When Humana Inc. (NYSE: HUM) joined forces with TPG Capital and Welsh, Carson, Anderson & Stowe (WCAS) to acquire Kindred Healthcare in July 2018, it saw an opportunity to test out the home health waters.
As a result of that $4.1 billion deal, Humana landed a 40% stake in Kindred at Home, with the aforementioned private equity giants controlling the remainder. After determining those waters were to its liking, the Louisville, Kentucky-based health insurer decided to dive deeper and acquire all of Kindred this April for $5.7 billion.
More than revenue upside or future financial gains, Humana saw the move as a way to keep its members healthy, happy and out of costlier health care settings.
“We continue to invest in assets that allow Humana to better manage the holistic needs of our members and patients by expanding care in the home, including primary care, telehealth and emergency room care, while also addressing social determinants of health,” Humana President and CEO Bruce Broussard said when the deal was first announced. “Since our initial investment in Kindred at Home, in partnership with [TPG and WCAS] and Kindred at Home management, we’ve learned a great deal about the home health space and recognize the significant value we can deliver to members and patients by integrating this asset into our holistic approach to care.”
There’s plenty to like about this move for Kindred shareholders, so let’s take a closer look.
Home health, hospice and home care assets have hit record multiples over the past several months, particularly when those assets are larger in scale. Apart from Kindred at Home’s ability to keep Humana members out of the hospital, a full acquisition made sense from a dollars-and-cents perspective.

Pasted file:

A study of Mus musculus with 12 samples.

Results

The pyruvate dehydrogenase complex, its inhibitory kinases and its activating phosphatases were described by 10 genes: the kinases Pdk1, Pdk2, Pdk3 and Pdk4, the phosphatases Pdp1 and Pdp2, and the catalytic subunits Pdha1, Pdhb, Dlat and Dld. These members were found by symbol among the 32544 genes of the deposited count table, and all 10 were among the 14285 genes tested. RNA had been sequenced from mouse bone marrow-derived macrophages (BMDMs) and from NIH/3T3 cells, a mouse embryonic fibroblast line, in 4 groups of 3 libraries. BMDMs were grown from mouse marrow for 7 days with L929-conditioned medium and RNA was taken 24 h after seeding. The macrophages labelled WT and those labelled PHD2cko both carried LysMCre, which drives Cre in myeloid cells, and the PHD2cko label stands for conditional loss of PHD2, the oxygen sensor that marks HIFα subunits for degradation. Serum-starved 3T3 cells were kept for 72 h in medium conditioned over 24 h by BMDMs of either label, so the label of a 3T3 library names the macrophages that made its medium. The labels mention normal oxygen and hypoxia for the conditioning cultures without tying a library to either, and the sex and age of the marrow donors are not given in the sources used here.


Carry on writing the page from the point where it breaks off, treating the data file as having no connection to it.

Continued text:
Humana is acquiring 100% of Kindred for an all-in financial commitment of roughly $7.1 billion (a $5.7 billion purchase price for the final 60% and an initial weighted investment of $1.4 billion). After doing the math, the transaction EBITDA multiple comes out to roughly 11 times － a relative steal for a home health business of Kindred’s size.
“The market multiple for a home health business with the scale of Kindred is significantly higher than 11x. So Humana is getting a fantastic deal from a valuation perspective,” Mertz Taggart Managing Partner Cory Mertz commented, “But the real value to Humana will be realized in savings across their membership base.”
The 2018 deal between Humana, TPG and WCAS included a built-in option for the PE firms to sell their 60% stake to Humana after three years at a multiple of between 10.5 and 11.5 times.
There’s a chance that Humana’s Kindred play turns out even better, too.
Once Humana acquires all of Kindred at Home, it will rename the business under its “CenterWell” brand. It then plans on separating Kindred’s hospice and personal care capabilities through a sale or spinoff, capitalizing on the sky-high demand for those service lines.
“We expect that we will be able to capitalize on a robust market for hospice assets by divesting a majority stake in that portion of the business in what we anticipate will be an attractive valuation,” Humana CFO Brian Kane said during a Q1 earnings call.
It’s not that Humana doesn’t see the value of end-of-life care. Rather, the company’s leadership team sees ample opportunity to deliver hospice care through partnership models.
Humana is just one of 53 direct-contracting entities under the new value-based care initiative from the U.S. Centers for Medicare & Medicaid Services (CMS), giving it an edge on the partnership front. Within direct-contracting models, providers can assume 100% of the risk associated with eligible patients in the “global” option or 50% of the risk under the “professional” option.
Additionally, Humana will likely be able to find more hospice and palliative care partnerships as those services are progressively carved into Medicare Advantage (MA).